The decision of man to begin using currency for trading and collecting was based on gold and silver’s greatest weakness: their weight. For thousands of years, precious metals remained supreme and were the medium of exchange in multiple civilizations, and the idea of using currency notes was unheard of. There were a number of reasons why early civilizations didn’t use paper, the most important of which is that it was fragile, difficult to mass produce, and susceptible to fraud. There were a number of historical developments that changed this.
Mercier was first established in 1830 by brothers Celestin and Louis Baume in the Swiss village of Les Bois, and like many watchmakers of the time, they initially focused on pocket watches. However, the company evolved rapidly and built a reputation for designing sophisticated models which utilize a variety of innovations. While most watchmakers focused exclusively on male clientele, Louis Baume recognized the importance of women’s watches and in 1869 gave his daughter a pocket watch made from gold.
Malachite is a stone which displays a crystallized appearance with a green color. It has been mined for more than three thousand years and in ancient times would be smelted so that copper could be obtained. It has also been used in the form of a gem or ornamental stone. It was popular among groups such as the Egyptians, Hebrews and Ancient Britons.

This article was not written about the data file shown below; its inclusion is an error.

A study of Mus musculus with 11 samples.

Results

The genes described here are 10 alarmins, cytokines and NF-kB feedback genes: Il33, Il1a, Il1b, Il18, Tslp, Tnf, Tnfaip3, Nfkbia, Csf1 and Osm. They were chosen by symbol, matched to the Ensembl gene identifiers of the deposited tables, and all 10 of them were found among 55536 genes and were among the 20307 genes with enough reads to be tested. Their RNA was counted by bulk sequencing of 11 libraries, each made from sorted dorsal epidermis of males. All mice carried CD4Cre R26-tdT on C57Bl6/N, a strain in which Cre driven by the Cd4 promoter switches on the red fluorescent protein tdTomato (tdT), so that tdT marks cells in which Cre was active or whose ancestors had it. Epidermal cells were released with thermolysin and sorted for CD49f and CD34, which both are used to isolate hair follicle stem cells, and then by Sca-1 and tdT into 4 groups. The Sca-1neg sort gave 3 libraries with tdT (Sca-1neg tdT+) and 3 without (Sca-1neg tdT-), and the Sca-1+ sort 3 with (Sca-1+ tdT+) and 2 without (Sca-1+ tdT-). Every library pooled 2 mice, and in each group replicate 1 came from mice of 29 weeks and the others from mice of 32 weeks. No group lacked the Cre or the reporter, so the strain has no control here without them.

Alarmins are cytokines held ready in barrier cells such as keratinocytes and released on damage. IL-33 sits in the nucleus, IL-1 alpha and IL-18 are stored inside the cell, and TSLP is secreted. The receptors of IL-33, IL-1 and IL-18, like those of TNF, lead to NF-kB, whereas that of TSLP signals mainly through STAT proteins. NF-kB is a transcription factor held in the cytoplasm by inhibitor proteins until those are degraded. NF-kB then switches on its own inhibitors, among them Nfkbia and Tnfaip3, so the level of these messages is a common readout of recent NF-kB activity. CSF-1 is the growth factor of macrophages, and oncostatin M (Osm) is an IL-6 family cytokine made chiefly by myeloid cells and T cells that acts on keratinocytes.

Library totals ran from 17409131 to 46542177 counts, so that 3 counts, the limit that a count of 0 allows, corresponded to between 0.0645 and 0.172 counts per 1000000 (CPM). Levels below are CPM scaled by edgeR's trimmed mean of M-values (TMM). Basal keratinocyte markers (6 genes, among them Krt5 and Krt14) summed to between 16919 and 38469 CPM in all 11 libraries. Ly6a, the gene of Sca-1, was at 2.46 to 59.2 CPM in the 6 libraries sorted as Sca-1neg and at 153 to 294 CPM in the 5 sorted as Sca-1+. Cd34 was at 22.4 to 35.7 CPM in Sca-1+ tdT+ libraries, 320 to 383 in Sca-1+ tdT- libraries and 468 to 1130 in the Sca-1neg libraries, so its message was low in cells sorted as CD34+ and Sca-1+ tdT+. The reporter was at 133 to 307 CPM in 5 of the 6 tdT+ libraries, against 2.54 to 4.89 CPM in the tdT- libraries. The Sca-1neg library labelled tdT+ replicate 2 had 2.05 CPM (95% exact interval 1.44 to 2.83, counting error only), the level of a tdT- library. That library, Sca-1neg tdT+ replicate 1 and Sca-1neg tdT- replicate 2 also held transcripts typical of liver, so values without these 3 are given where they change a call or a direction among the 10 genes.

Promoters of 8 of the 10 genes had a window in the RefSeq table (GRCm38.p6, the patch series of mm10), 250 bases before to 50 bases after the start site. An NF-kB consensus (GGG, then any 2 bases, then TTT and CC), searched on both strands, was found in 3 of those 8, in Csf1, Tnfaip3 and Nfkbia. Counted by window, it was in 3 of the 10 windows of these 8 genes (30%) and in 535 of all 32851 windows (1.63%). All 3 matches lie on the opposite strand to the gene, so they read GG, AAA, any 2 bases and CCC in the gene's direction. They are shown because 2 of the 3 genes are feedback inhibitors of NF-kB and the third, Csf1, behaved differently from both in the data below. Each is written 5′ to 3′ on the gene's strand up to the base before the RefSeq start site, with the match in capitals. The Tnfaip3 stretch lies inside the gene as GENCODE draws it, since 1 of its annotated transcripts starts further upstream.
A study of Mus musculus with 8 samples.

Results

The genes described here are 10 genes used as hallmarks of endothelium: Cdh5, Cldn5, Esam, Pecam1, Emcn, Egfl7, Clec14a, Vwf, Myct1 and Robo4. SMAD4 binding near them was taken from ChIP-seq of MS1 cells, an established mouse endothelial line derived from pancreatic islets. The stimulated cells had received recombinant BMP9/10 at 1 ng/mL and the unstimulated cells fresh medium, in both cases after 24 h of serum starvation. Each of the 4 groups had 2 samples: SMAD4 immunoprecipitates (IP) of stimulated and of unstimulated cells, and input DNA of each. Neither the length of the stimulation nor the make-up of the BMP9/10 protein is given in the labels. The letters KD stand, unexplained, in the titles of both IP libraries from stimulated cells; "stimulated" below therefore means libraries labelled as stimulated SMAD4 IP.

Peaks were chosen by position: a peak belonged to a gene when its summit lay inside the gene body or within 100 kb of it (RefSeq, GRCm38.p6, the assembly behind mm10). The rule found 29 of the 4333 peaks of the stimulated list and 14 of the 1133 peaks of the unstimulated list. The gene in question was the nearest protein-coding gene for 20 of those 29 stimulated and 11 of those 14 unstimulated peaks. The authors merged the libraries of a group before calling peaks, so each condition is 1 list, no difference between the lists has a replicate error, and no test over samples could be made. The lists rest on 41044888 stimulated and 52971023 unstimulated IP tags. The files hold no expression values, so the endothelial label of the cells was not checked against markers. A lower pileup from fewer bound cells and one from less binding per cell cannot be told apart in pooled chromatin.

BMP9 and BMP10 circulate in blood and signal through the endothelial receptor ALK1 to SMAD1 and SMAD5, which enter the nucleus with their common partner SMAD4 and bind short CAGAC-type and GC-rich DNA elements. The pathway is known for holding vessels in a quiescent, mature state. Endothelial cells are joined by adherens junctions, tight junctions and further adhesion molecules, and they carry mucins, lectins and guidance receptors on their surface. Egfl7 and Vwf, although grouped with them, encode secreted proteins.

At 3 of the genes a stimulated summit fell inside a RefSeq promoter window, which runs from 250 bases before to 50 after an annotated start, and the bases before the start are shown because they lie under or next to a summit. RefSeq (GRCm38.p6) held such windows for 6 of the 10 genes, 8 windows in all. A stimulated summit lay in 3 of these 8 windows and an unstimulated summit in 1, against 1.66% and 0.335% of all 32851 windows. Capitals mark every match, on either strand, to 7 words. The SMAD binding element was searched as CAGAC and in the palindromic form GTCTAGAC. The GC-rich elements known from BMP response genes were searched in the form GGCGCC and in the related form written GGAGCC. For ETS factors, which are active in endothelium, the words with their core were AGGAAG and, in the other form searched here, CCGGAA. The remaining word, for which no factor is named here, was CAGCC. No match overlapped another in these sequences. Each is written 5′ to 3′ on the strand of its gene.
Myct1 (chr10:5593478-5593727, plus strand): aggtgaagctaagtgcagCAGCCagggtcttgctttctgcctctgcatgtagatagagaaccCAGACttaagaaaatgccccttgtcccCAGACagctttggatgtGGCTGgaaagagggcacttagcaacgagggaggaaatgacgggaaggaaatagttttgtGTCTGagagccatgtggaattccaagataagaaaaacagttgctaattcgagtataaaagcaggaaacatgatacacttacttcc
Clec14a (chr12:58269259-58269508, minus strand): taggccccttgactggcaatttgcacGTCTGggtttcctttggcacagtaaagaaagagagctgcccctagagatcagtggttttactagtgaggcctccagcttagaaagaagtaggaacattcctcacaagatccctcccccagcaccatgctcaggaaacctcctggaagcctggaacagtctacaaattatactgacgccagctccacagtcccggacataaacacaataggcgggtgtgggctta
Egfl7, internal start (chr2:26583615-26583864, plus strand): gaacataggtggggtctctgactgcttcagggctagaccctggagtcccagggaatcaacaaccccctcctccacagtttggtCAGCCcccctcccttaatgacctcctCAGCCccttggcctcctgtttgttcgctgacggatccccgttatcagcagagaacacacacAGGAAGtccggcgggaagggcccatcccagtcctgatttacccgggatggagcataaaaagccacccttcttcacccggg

Over the last fifteen years, gold and silver ETFs have become quite popular, largely because of convenience. Electronic traded funds are handled digitally, which means investors don’t have to worry about the weight, storage, or security concerns which are associated with holding physical metals. However, ETFs aren’t all as they’re cracked up to be, and below are some reasons why holding physical gold and silver can be a better choice.
The Hamilton Watch Company was established in 1892, in Lancaster, Pennsylvania. Although it originates in the United States, the brand today is sold under the Swatch Group which is a Swiss-owned company located in Bienne. When the company was first formed, it became notable for its luxury wristwatches and pocket watches, but ceased American manufacturing by the 1960s. Today, it has become a conglomerate which is highly diversified.
The $50 gold certificate from 1922 looks very similar to the 1906 edition. 1922 is an important year for currency collectors as it marks the final issue of bigger gold certificates, and is also the last year in which George Washington appeared on the twenty dollar versions. If you happen to have a 1922 $50 Gold Certificate note which features a star symbol, you should consider yourself lucky as this can increase the value of the bill threefold.